By T. D. Thornton
The California Horse Racing Board advanced several proposed rule changes Thursday that had been snagged at past meetings by semantics and wording, then spent time listening to updates and debating the merits of longer-range initiatives and potential problems facing the state’s racing industry.
Voting advanced the establishment of standards for post-mortem examination reviews, revised penalties for medication violations and made safety vests a requirement for all on-track personnel. The “yes” voting on each of these issues triggered 45-day public commentary periods that are mandatory in California before the initiatives can be adopted in full by the CHRB.
Longer-term items that were discussed, but not voted upon, included an update on the CHRB’s microchip pilot program, ongoing work to standardize dirt, turf and synthetic track maintenance protocols across the state, and ways that California could engage outside entities to help study and possibly establish optimal bet takeout rates.
At its September meeting, the board had tried to adopt a rule (1846.6) that would require a post-mortem examination review of each equine fatality on CHRB-regulated property. But there was ambiguity over whether the results of such reviews would be strictly limited to the rule’s intended “education and research purposes only,” even if the review uncovered alleged rules violations that would require commission-level discipline.
“I think we had a specific issue here, and that was to keep [post-mortem exams] as separate as possible from investigations,” commissioner Jesse Choper said, noting that the language in the proposal has since been tightened to address last month’s concerns. He then moved the item to a vote, which passed unanimously.
The CHRB also unanimously approved a proposed amendment to rule 1843.3, which covers penalties for medication violations.
The notable changes to this rule include: 1) The elimination of category D penalties for phenylbutazone violations; 2) Medication violations that occur within a specified time period will now count as either a prior offense or an aggravating factor when penalties of subsequent violations are being considered; 3) Trainers whose suspensions are for more than 30 days will be prohibited from transferring their horses to a licensee who has been their employee within the previous year (with the aim of eliminating “puppet” trainers who might still be taking orders from the suspended trainer).
A 17-minute debate over semantics ensued when the CHRB tried to revisit a safety rule it had previously passed that was rejected by the California Office of Administrative Law. Jockeys and exercise riders are already required to wear safety vets while on track, but the CHRB had earlier attempted to include “pony riders” in that group as well.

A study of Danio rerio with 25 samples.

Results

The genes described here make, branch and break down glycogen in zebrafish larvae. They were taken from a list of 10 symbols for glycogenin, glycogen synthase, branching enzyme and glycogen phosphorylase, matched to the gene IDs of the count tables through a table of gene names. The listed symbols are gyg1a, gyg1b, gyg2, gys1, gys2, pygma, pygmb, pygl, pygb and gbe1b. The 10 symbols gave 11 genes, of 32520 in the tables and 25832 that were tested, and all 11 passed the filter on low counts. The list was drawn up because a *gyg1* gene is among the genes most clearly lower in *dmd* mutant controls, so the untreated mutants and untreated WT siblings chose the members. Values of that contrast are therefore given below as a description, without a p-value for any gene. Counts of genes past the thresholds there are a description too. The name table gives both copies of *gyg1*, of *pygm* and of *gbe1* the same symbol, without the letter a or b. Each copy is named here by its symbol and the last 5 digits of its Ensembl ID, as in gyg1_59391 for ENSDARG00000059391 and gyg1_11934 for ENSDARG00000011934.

After debate over whether the new wording should also pertain to other stable personnel on horseback–and a side argument over whether anyone “leading” or “handling” a horse while on the ground might also be required to wear a vest–the board finally passed simplified language that reads: “Any person licensed by the board, mounted on a horse, on a track of a racing association, racing fair, or authorized training facility shall wear a safety vest.”
A report from the CHRB’s Pari-Mutuel, ADW, Satellite and Simulcast Committee noted that a Wednesday committee discussion about commissioning an in-depth study on optimal takeout rates has already yielded a step forward from an industry stakeholder: Alan Balch, executive director of the California Thoroughbred Trainers, said he has already started contacting university-level business and economics educators about their participation in such analysis.
“I think if we could put together a working group, I believe that CTT would certainly make a contribution toward this,” Balch said. “And I think that we need to try to raise the necessary funding to do this properly.”
The simulcast committee discussion about takeout rates morphed into a separate agenda item reporting on the competition racing is facing from unregulated fantasy sports contests.
In this area, the emphasis of the CHRB conversation mirrored the industry’s overall “late to the party” tone about the subject, with several CHRB members postulating why racing isn’t doing more to increase print newspaper coverage that might draw new fans to the sport.
The CHRB also made one appointment Thursday: Darrel McHargue, who won the Eclipse Award for outstanding jockey in 1978 and has worked as a California steward since 1990, was assigned to the newly created position of chief steward by the CHRB. Starting Dec. 26, his primary responsibility will be the daily supervision of all CHRB stewards.